Rush to robotic surgery outpaces medical evidence, critics say Date: 03/03/16
Richard Mark Kirkner
By Richard Mark Kirkner
I was flipping through AARP The Magazine — yeah, I’m of that age — in January 2014 when I came across a small news item on robotic surgery. I can’t even remember whether it was favorable or negative, but it piqued my curiosity because I had some background with robotic surgery. I had been editor of a trade magazine for general surgeons back in 2003, when the first surgical robots began appearing in hospitals. I had a close-up view of robotic surgery growing from novelty to standard of care.
After I saw the item, I went to PubMed and found a few studies that reported varied results with robotic surgery, particularly with its growing use in gynecology. I also was aware, from my aforementioned days with the surgeon magazine, that robotic operations cost more than conventional surgery and required quite a learning curve for the surgeon and operating room staff.
So I sent a query to John Marcille, then editor-in-chief of Managed Care magazine, for whom I’d written years before but had pulled back from because of a full-time job and a term on my local city council. My term had just ended, and I wanted to get back into meat-and-potatoes, health-care journalism.
Marcille liked my pitch, and I went to work investigating a few different angles: the cost factor, of interest to the magazine’s key audience of executives and managers at health insurance plans; but, more important, the effectiveness of robotics. My article, “Rush to Robotic Surgery Outpaces Medical Evidence, Critics Say,” was published in the May 2014 issue of Managed Care.
It seems that hospitals around the country had been buying the da Vinci surgical robot, manufactured by Intuitive Surgical, for up to $2.1 million a unit (not to mention an annual service contract of up to $150,000 per unit and disposable instruments that add cost to each procedure) because of competitive market pressures not only to attract patients, but also lure new doctors.
Photo: Fort Belvoir Community Hospital via Flickr
The problem is, when a facility gets such an expensive piece of equipment it has to use it. That’s where digging into the medical evidence came in handy. The more studies I looked at, the more I saw that while robotic surgery had become the standard of care for surgical removal of a cancerous prostate, the results for gynecologic surgery didn’t hold up as well. Also, the caseload for gynecologic procedures far surpassed that of prostate surgeries. Hysterectomy has been the largest and fastest growing procedure for robotic surgery on the da Vinci system, having grown 36 percent in two years to 191,000 cases in 2013, while robotic radical prostatectomies declined 20 percent in the same period.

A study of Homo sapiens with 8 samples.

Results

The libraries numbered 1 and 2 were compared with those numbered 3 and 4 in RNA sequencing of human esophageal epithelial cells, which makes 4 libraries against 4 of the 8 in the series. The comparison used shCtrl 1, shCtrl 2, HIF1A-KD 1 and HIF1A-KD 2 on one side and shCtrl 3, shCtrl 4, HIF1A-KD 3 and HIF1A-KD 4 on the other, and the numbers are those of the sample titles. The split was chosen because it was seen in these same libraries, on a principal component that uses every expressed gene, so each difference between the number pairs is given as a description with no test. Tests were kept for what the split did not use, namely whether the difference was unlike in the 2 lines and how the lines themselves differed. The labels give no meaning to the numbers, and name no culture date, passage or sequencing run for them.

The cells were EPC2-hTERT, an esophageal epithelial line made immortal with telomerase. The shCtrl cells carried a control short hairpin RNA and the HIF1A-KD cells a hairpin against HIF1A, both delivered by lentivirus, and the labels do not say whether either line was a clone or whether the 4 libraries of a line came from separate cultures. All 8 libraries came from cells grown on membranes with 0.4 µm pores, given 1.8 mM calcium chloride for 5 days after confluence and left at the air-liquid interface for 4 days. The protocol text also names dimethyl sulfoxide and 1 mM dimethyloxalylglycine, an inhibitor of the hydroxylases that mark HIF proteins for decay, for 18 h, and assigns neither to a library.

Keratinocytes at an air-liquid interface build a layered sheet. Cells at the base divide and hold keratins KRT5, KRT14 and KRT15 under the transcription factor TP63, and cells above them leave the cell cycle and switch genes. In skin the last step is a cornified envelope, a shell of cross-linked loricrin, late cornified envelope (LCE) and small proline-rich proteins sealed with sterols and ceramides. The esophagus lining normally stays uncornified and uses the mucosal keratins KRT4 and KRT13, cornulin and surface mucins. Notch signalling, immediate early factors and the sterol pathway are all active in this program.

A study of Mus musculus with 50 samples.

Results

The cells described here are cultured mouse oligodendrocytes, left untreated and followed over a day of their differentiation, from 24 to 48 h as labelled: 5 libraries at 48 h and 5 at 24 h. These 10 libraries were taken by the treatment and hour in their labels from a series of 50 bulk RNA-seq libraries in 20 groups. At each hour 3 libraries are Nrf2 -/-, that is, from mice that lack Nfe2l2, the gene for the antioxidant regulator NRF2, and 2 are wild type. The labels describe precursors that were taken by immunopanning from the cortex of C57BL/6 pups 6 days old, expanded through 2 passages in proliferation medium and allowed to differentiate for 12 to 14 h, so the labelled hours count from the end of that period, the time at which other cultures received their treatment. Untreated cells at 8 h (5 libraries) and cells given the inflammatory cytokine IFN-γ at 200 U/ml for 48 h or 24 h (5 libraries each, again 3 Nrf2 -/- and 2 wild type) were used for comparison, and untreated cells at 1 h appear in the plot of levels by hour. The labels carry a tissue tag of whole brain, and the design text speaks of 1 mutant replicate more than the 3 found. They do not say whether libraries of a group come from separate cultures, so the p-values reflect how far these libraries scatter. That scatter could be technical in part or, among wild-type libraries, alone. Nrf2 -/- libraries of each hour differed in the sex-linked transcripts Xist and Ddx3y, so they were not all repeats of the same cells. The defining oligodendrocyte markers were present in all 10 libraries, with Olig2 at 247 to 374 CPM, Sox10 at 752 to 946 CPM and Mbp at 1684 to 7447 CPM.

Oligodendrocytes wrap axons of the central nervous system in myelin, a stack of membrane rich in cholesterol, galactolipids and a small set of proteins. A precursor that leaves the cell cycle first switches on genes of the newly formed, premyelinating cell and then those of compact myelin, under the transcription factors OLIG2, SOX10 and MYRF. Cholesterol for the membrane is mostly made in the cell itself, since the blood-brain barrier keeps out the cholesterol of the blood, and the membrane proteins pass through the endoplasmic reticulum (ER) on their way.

The clincher for me was a study by Marty Makary, M.D., and other researchers in the Journal for Healthcare Quality on the underreporting of complications from robotic surgery. I’d known Makary, a surgeon at Johns Hopkins, from my days with the surgeon’s magazine, and knew he was highly respected among his peers. He and I talked. That helped set the course for my investigative trail, which led to a statement by the American Congress of Obstetricians and Gynecologists that said robotic gynecological surgery was, “not the only or best minimally invasive approach. Nor is it the most cost-efficient.” Finding studies led me to more experts in robotic surgery. In all, I interviewed 10 people over two months.
Whenever new medical technology is put to use, hospitals and specialty clinics like to put the best spin on it. But it can take years for such new medical equipment to prove its mettle compared with existing methods.
A couple of resources were invaluable in shaping my story and tracking down sources. PubMed is a window to the world of medical research. While a reporter has to be careful when reviewing studies of medical procedures and drugs (avoid small studies, take a close look at large clinical trials and meta-analyses, and look for multiple studies that reach a common conclusion), PubMed can be a good resource to at least get a sense of what the medical community is thinking and to find experts. For my article on robotics, my AHCJ membership came in handy for accessing Health Affairs content — another excellent source for studies on clinical effectiveness.
Richard Mark Kirkner (@rmkeditor) is an editorial consultant and independent health care journalist in Phoenixville, Pa. In March 2015, Kirkner’s article on robotic surgery won a third place award in the trade publications category in the 2014 Awards for Excellence in Health Care Journalism.